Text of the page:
March 21, 2003

This article is part of The Body PRO's archive. Because it contains information that may no longer be accurate, this article should only be considered a historical document.

Researchers at the Annual Meeting of the Society for Adolescent Medicine in Seattle reported on Wednesday that teen mothers given a supply of emergency contraception, also known as the "morning-after pill," have fewer pregnancies and are no less likely to use condoms.

The findings suggest that the morning-after pill may lower the rate of unwanted pregnancies without raising the risk that women will substitute the contraceptive method for others that protect against STDs, said study author Dr. Marvin Belzer.

Belzer and colleagues at the Children's Hospital Los Angeles provided 160 mothers ages 14-20 with a short educational program on how to use and obtain emergency contraception. After the program, one half of the girls received an advance supply of emergency contraception, which they were told was refillable.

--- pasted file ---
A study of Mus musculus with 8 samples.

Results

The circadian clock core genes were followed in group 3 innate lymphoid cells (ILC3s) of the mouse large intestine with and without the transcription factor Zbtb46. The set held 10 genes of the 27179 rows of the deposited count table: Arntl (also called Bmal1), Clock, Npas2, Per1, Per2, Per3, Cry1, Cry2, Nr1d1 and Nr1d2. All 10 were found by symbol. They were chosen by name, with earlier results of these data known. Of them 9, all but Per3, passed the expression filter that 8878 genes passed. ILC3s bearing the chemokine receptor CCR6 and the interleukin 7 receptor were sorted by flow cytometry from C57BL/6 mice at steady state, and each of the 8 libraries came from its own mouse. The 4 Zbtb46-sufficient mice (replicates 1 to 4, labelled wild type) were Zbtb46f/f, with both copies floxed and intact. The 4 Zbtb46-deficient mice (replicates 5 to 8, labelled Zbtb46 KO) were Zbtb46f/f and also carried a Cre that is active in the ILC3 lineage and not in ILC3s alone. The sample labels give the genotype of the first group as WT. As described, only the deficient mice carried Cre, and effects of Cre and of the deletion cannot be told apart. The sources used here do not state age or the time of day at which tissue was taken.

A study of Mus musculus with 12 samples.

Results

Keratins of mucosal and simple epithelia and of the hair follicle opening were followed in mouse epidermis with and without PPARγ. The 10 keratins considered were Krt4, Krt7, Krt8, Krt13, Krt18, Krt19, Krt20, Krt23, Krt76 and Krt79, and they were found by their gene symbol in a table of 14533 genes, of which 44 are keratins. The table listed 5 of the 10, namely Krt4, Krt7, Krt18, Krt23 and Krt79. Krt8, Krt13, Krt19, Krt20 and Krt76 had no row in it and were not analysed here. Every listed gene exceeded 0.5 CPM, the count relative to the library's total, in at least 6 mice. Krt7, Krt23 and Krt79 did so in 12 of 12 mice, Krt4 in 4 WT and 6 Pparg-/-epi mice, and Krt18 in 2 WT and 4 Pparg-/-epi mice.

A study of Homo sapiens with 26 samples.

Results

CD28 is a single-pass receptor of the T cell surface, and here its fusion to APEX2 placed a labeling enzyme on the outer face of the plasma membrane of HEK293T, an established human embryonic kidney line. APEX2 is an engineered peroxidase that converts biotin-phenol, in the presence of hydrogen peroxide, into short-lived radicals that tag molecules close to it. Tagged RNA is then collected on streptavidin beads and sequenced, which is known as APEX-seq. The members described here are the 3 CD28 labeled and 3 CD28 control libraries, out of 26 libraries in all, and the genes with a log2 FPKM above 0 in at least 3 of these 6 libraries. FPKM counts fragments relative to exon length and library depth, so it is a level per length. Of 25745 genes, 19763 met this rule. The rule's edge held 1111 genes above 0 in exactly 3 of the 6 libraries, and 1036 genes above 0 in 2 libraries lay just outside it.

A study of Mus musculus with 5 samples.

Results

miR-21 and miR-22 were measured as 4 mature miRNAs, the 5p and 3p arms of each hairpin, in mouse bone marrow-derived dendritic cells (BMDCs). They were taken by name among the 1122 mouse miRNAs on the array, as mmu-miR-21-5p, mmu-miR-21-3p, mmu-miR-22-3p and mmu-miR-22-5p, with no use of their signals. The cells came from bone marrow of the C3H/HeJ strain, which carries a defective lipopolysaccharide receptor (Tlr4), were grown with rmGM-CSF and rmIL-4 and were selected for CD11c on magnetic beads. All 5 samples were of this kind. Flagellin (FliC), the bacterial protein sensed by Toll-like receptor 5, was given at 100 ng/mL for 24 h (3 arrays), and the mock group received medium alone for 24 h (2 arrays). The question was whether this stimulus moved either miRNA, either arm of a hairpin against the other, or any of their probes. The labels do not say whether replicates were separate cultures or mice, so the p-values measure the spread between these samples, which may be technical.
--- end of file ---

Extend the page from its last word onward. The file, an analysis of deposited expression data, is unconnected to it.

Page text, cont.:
Before the study began, only 7 percent of study participants said they had used emergency contraception. However, 85 percent of the teens given an advance supply said they had used it during the following six months. And only 7 percent of the women given the morning-after pill said they had become pregnant six months later. In contrast, pregnancies occurred in 18 percent of women who did not receive an advance supply. Furthermore, six months after receiving the pills, the teens "did not decrease their condom use," Belzer said.

The authors concluded that despite fears that women who have emergency contraception will forgo other birth control methods, they found the two groups of teen mothers were just as likely to use birth control and condoms after receiving information on the morning-after pill as they were beforehand. Belzer and his team noted that they support current recommendations that doctors educate teen mothers about how to use and get emergency contraception. Teen mothers should also be provided with an advance supply when they seek family planning help, they added.

Back to other CDC news for March 21, 2003

Reuters Health
03.19.03; Alison McCook

This article was provided by CDC National Prevention Information Network. It is a part of the publication CDC HIV/Hepatitis/STD/TB Prevention News Update.